The premise of this column is cheesy: Our country is beautiful, diverse and so incredibly big.
If you’ve driven from sea to shining sea, you see that beauty and diversity unfold slowly as you move from state to state. When you see it from above, you realize just how much land our land really is—and how difficult it is to select a chief executive from 30,000 feet in the air.
I recently flew from Indianapolis to Las Vegas for a conference on an evening route where there were few clouds.
I’m a window-seat gal, and I was texting with my daughter during the trip—describing our ascent out of the Circle City; endless, perfectly square crop fields in the heartland; the shift from lush green to imposing mountains to desolate khaki; the sudden appearance of the Grand Canyon in all its glory; and our landing in Sin City, which similarly pops up out of nowhere.
Watching that changing landscape unfold over three hours got me thinking about the people who live in those places—and just how different they are.
What does a farmer in rural Kansas have in common with a third-shift blackjack dealer in Vegas? Do families in Indiana face the same challenges as families in Colorado or Utah? How do we design a health care system—for example—that meets the needs of everyone along that nearly 2,000-mile journey? Is anyone even listening?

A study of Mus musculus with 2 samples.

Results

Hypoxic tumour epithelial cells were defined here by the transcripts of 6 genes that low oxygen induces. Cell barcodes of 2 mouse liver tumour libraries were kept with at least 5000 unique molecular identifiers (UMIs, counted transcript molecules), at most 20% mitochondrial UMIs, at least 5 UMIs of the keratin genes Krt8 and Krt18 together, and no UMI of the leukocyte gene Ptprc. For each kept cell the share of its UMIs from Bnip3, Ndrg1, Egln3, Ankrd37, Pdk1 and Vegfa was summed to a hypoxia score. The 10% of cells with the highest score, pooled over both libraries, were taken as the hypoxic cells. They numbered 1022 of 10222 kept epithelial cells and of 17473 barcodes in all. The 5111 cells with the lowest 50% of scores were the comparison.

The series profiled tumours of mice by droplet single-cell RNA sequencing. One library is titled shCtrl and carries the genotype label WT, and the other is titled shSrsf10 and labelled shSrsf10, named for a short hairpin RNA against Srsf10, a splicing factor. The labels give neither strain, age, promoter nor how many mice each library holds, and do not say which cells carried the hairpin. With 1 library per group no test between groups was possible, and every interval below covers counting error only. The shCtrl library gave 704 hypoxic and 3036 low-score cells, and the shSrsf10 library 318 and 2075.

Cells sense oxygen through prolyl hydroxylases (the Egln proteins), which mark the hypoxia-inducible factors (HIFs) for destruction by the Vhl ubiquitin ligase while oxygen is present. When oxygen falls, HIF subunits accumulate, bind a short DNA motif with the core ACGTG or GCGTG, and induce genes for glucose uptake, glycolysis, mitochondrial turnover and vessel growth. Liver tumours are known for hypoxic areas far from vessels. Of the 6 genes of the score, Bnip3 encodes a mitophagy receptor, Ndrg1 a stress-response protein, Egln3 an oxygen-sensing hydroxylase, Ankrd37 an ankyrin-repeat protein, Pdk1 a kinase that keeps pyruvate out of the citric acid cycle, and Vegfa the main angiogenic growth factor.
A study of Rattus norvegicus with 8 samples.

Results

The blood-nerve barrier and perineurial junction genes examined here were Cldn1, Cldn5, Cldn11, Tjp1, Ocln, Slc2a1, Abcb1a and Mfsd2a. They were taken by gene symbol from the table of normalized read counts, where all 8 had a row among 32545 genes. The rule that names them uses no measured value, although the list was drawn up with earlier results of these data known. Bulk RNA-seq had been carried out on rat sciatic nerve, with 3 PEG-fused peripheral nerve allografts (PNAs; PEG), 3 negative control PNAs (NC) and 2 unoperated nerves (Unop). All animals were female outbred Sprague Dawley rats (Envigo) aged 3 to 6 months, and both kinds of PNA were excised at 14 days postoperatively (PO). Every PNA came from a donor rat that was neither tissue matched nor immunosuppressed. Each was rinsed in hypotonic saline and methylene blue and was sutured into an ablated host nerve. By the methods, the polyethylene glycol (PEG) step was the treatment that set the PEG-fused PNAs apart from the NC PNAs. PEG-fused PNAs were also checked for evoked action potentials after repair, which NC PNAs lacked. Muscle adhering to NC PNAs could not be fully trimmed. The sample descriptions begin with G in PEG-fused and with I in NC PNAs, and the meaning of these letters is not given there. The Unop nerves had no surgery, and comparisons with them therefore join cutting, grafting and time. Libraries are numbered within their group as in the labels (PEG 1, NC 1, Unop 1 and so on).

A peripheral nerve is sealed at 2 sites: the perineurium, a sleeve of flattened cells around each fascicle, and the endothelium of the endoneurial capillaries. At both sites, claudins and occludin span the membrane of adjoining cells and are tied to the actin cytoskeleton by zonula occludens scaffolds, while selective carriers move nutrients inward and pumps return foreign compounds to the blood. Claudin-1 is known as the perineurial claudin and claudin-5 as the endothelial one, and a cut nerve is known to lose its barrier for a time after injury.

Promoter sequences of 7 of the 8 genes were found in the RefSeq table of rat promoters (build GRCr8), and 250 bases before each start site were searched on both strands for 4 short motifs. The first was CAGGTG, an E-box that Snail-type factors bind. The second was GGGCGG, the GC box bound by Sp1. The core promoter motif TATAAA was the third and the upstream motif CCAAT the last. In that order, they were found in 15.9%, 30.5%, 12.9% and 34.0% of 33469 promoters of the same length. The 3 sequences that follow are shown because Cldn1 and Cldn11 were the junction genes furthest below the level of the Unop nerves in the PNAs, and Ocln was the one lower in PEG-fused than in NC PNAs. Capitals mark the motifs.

My trip was the week after the Democratic presidential primary debates, where 20 candidates took the stage to compete for headlines and momentum. They tackled some big issues, but it’s pretty hard to sum up a comprehensive climate-change or immigration-reform plan in 90 seconds.
And let’s be honest: The debates, which earned record high ratings compared to last cycle, weren’t designed for deep policy discussion. Politics has become more contact sport than ever, and lots of viewers tuned in to see a knockout.
It’s little wonder that just 17% of Americans say they trust the government in Washington to do what is right “just about always” (3%) or “most of the time” (14%), according to Pew Research polling from April.
Before you point out that there are two branches of government beyond the White House—yes, our Founding Fathers were brilliant to design a nation that’s the sum of its parts—Congress earned itself a whopping 20% job approval rating in Gallup polling in May.
I’m not proposing a different political system. I guess in some ways I’m asking to go back to a bygone era—before 24-hour news and social media gave us an endless feedback loop that highlights our differences with constant commentary that blurs into actual coverage.
We’re connected more than ever before, but it somehow makes us feel further apart. My advice to candidates: Get out of your campaign jets and back on the road.
That doesn’t mean live-streaming your meetings with farmers in Kansas or third-shift dealers in Vegas or families in Utah. Just go there and listen and let those discussions guide you.
We’re thousands of miles apart, but we still have a lot in common. If we’re ever going to revive trust in government—whether Congress or the president—we have to remind people that, despite our geographic vastness, we’re all in this together.•
Wagner is a lifelong Indianapolis resident and vice president of communications at EdChoice. Send comments to firstname.lastname@example.org.